Sunday, January 10, 2010

Men Behaving Festively: Plough Monday

Sunday, January 10, 2010
Susan reporting:

While Twelfth Night is usually regarded as the end of the Christmas Season, in rural England there was one final celebration: Plough Monday.

The first part of the festivities, on the Sunday after Epiphany, was serious and solemn enough. A ribbon-decked plough was carried into the local church to be blessed in the hope of a prosperous, productive new year, and a symbolic return to work after the Christmas season.

The next day, however - Plough Monday - was marked by more pagan excess, with the newly-blessed plough dragged through the neighborhood by burly ploughmen with their faces painted black, loudly demanding pennies for a frolic afterwards. Anyone who didn't oblige risked having their yard ploughed up; think trick-or-treating with an attitude.

Afterwards followed much drinking, kissing-games, bonfires, drumming, and general partying in the street, led by Molly Dancers (ploughmen in hobnail boots and black-painted faces) dancing around the plough and with each other. Overseeing it all would be their "queen", Bessy, a big guy dressed as a woman. Traditions vary from region to region, but the basics (and the plough) seems to be much the same.

These two 19th c. prints capture the spirit of the day pretty well. I particularly like the resigned women and children watching from the front of their cottage, doubtless wondering what is up with their cross-dressing Dad.

Here are two 19th c. reports of Plough Monday, already a bit gilded with nostalgia: from Chamber's Book of Days (1879) and Hone's Everyday Book (1825). However, lest you think Plough Monday is now to be found only to Thomas-Hardy-Land, here's proof via YouTube (and in the pub afterwards, of course) that it's still going strong – at least with these Molly Dancers in Suffolk, UK. The band's traditional music is fun, too.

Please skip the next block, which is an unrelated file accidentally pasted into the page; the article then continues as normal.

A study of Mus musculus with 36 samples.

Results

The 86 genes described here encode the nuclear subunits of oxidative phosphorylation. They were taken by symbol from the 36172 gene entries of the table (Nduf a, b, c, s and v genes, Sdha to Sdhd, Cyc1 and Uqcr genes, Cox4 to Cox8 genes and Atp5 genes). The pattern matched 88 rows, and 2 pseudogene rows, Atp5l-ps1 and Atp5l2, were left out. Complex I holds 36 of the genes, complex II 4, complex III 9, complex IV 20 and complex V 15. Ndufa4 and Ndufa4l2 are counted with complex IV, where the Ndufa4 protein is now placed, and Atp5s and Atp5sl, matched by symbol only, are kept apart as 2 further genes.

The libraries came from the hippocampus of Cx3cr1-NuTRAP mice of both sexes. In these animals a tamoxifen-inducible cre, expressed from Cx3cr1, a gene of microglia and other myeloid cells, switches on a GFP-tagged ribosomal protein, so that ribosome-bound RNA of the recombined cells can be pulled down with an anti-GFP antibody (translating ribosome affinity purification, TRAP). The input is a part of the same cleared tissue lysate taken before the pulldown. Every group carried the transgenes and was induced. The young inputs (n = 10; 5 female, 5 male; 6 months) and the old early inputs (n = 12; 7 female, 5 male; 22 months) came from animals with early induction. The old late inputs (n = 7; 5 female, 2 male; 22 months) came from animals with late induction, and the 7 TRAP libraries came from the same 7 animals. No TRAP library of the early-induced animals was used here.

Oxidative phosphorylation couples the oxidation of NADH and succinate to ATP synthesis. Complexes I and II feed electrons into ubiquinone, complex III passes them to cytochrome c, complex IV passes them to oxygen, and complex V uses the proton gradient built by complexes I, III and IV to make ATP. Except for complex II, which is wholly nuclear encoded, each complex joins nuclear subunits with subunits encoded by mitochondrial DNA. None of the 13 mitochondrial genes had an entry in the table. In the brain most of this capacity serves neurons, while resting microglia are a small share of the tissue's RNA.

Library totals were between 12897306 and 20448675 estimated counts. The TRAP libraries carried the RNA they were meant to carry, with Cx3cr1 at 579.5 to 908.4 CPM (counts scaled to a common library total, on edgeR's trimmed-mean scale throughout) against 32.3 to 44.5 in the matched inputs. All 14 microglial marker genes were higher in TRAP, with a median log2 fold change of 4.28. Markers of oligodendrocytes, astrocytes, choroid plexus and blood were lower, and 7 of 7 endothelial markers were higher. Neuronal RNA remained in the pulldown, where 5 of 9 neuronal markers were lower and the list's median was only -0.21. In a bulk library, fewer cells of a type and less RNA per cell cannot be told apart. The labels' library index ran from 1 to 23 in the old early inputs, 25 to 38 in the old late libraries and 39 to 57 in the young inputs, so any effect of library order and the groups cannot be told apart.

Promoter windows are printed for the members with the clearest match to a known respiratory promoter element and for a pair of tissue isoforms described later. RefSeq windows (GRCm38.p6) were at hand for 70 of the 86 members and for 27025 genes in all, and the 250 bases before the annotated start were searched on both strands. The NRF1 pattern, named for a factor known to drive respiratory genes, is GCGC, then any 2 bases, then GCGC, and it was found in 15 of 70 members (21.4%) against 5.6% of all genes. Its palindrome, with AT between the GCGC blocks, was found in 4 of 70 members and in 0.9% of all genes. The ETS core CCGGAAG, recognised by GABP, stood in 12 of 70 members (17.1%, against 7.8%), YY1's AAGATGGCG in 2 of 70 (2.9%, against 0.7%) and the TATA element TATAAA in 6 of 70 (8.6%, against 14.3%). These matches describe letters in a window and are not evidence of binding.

Illustration, top: "Plough Monday", from George Wilson's Costumes of Yorkshire, 1814.
Below: "Plough Monday", from Hone's Everyday Book, 1825


Vanessa Kelly said...

I love the cross-dressing elements of the festivities - I bet there are some very interesting studies on that aspect!

Molly Dancers - that's an interesting name, too. I wonder what its origin is? I might have to go look that up.

LorettaChase said...

In the 18th & early 19th centuries, molly was usually slang for sodomite. But then as well as later it could refer to someone who was effeminate. These days it seems to either mean sissy boy or refer to men in drag.

knitlit kate said...

hmmm...interesting tradition. can't quite picture my pops playing along though...

p.s. thanks again for the catch on my snood patt.

Isabella Bradford/Susan Holloway Scott said...

Vanessa, I'm afraid I can't offer any enlightenment as to why ploughmen dressing in dresses was part of the celebration. But then there's a long tradition of Englishmen adopting female dress, from the boys-as-actresses on Shakespeare's stage to Monty Python. Anyone else who knows more than we do is welcome to explain!

Isabella Bradford/Susan Holloway Scott said...

knitlit kate, I can't see my father getting into this either. But then, there are photos floating around my family of my father-in-law in college dressed in drag for an all-male version of "The Mikado" in the 1940s -- so who knows? *g*

And you're welcome for the snood-catch. What I'd like to know, though, (from a purely historical point of view, of course) is how the word "snood" has shifted its meaning in the last year or so, from a net-like bag over the hair to a huge-o looped neckscarf?

meghan said...

Huh, the plow part makes sense, you want a good plowing-season for your crops. But the dress-up? Did like the vids, tho. Thanks for writing this.

Vanessa Kelly said...

Loretta, that's what I thought a molly was. Man, some of these traditions are totally gender-bending!